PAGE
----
Los Angeles Times Festival of Books

Saturday Apr 21 2018 - Sunday Apr 22 2018 
University of Southern California  University Park Campus, Los Angeles, CA  map

The Los Angeles Times Festival of Books began in 1996 with a simple goal: to bring together the people who create books with the people who love to read them. Since then, the festival has grown into a vibrant celebration of all of the arts, and of our dynamic, innovative and unique metropolis. Each year, over 150,000 people come to the University of Southern California campus to experience a gathering of writers, poets, artists, filmmakers, and musicians like no other. The Los Angeles Times Festival of Books is the largest festival of its kind in the United States and is The Times’ annual gift to LA. Panelists include Heyday authors Lynell George (LAtitudes), Nicholas Goldberg (Our Dishonest President), Naomi Hirahara, David L. Ulin (LAtitudes), and Narda Zacchino (California Comeback). Learn more about the festival here.

Find Heyday at Booth #113 on Trousdale Parkway, near the Main Stage. Several Heyday authors will be by to sign books: Charles Hood, author of A Californian’s Guide to the Birds among Us and contributor to LAtitudes, will be at the booth from 12:00–2:00 p.m. on April 21; and Naomi Hirahara and Heather C. Lindquist, coauthors of Life after Manzanarwill be at the booth from 2:00–4:00 p.m. on April 21.

Founded in 1881, the Los Angeles Times is the largest news-gathering organization west of the Mississippi. Now read by more than 50 million unique visitors monthly, The Times’ journalism has won forty-four Pulitzer Prizes, six of which were gold medals for public service. The editorials collected in this book are the work of The Times’ editorial board, which is responsible for determining the positions of the paper on the important issues of the day. Unlike articles written by the paper’s reporters in its news pages, editorials are works of opinion. They are unsigned because they represent the consensus of the board. The opinions expressed in these editorials were reached through a process of discussion and deliberation by editorial writers Kerry Cavanaugh, Mariel Garza, Robert Greene, Carla Hall, Karin Klein, Scott Martelle, and Michael McGough, working with editorial page editor Nicholas Goldberg and deputy editor Jon Healey.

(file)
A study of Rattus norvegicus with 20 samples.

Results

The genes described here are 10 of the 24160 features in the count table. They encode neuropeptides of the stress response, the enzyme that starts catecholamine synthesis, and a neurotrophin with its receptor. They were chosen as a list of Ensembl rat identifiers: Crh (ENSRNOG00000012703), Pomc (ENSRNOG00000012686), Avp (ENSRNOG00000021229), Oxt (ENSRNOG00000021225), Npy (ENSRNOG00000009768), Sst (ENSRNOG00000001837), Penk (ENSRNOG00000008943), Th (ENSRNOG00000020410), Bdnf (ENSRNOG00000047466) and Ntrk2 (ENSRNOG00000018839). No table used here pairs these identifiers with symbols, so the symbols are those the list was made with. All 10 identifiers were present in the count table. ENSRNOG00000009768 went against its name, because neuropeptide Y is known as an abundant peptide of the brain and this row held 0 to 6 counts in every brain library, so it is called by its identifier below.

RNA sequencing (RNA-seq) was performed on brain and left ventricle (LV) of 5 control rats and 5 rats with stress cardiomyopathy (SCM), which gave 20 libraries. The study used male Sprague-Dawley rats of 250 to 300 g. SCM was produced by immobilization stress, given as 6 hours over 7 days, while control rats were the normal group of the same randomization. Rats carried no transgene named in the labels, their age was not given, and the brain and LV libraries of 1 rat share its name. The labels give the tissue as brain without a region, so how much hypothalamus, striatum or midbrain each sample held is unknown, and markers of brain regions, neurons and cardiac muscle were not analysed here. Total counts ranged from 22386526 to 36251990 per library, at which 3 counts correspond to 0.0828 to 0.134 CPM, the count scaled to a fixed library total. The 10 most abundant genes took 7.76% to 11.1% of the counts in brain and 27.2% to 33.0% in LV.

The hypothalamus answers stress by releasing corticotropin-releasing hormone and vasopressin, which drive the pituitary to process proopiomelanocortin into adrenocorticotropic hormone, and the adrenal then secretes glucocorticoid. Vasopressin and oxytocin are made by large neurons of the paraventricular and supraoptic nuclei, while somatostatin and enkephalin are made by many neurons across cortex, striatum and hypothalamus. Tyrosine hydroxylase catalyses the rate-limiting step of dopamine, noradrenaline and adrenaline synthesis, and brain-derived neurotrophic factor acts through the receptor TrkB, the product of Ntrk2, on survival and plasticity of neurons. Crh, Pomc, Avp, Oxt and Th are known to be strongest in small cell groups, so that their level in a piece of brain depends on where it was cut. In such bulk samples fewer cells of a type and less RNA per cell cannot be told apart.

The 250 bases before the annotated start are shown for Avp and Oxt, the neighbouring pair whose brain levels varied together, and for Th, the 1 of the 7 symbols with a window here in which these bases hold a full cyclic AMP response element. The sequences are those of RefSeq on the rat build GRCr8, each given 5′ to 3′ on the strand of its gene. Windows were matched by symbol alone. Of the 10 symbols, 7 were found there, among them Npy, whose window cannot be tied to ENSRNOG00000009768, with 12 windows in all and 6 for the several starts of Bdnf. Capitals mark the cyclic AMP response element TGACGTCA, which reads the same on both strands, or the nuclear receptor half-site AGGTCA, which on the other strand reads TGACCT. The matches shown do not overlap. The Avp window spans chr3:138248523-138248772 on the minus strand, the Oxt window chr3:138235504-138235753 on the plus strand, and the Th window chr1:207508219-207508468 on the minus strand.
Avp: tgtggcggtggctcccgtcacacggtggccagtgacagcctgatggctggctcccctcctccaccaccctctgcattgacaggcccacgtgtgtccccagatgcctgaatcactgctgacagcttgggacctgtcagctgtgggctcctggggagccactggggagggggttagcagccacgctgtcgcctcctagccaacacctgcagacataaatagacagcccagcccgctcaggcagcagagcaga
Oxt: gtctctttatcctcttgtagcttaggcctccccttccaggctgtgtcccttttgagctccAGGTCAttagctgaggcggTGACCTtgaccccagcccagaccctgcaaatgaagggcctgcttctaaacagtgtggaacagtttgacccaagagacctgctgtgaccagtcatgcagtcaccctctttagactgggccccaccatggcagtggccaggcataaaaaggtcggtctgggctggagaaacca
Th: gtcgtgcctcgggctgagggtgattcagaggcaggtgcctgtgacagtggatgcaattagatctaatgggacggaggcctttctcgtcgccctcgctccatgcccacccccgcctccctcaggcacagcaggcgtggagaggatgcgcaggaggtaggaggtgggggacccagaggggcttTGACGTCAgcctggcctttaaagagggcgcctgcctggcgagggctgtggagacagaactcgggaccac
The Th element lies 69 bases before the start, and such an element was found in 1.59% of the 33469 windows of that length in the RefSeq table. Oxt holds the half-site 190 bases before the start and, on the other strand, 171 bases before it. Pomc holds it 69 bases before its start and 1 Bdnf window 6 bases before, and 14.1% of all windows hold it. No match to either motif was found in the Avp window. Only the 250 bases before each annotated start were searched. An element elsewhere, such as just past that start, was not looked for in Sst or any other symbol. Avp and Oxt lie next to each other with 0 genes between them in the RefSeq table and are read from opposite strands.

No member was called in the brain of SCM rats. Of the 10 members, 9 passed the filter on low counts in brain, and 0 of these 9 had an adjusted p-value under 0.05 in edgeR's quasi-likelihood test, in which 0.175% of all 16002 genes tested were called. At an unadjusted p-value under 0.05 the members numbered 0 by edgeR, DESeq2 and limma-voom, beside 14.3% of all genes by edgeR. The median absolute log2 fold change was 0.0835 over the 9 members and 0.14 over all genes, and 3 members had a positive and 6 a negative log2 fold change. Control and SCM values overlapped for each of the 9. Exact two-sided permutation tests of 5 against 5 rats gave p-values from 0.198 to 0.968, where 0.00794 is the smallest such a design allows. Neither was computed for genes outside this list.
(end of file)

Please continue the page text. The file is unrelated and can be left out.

Narda ZacchinoNarda Zacchino is a journalist, writer, and editor. After graduating from UCLA, she worked at the Los Angeles Times for over thirty years, eventually serving as vice president and associate editor for the publication. She has also been the deputy editor for the San Francisco Chronicle and served as a member of the Board of Directors for the International Women’s Media Foundation and Journalism and Women’s Symposium. Outside of journalism, Zacchino is the editor and author of numerous notable books, and the founder of independent publisher Time Capsule Press. She is currently Heyday’s executive editor and a senior fellow at the USC Annenberg Center on Communication Leadership & Policy, and continues to work as an independent writer and editor.
Naomi HiraharaNaomi Hirahara is a writer of both nonfiction books and mysteries. With Geraldine Knatz, she cowrote Terminal Island: The Lost Communities of Los Angeles Harbor, which won a Bruckman Award for Excellence and an Award of Merit from the Conference of California Historical Societies. Her Edgar Award–winning Mas Arai mysteries have been published in France, Japan, and Korea. A former editor of the Rafu Shimpo newspaper, she also curates historical exhibitions and writes articles and short stories.

Charles Hood has studied birds and natural history from the Amazon to Tibet, and he has seen more than five thousand species of birds in the wild. A widely published poet, he has received numerous fellowships and writing awards, and his most recent artist-in-residence positions were with the National Science Foundation in Antarctica and with Playa Arts in Oregon. He has also been a visiting professor in England, Mexico, and Papua New Guinea. Hood is currently a research fellow with the Center for Art and Environment at the Nevada Museum of Art as well as a teacher of writing and photography at Antelope Valley College in the Mojave Desert.

Heather C. LindquistHeather C. Lindquist is the editor of Children of Manzanar, a copublication by Heyday and Manzanar History Association, which received an award of excellence from the Association of Partners for Public Lands in 2013, and she was one of several contributing authors to Freedom in My Heart: Voices from the United States National Slavery Museum, published by National Geographic in 2007. She has also written numerous exhibit scripts for museums, visitor centers, and national parks across the country, including Manzanar National Historic Site; the National Prisoner of War Museum at Andersonville, Georgia; the Natural History Museum of Los Angeles County; and the Museum of Science and Industry in Chicago.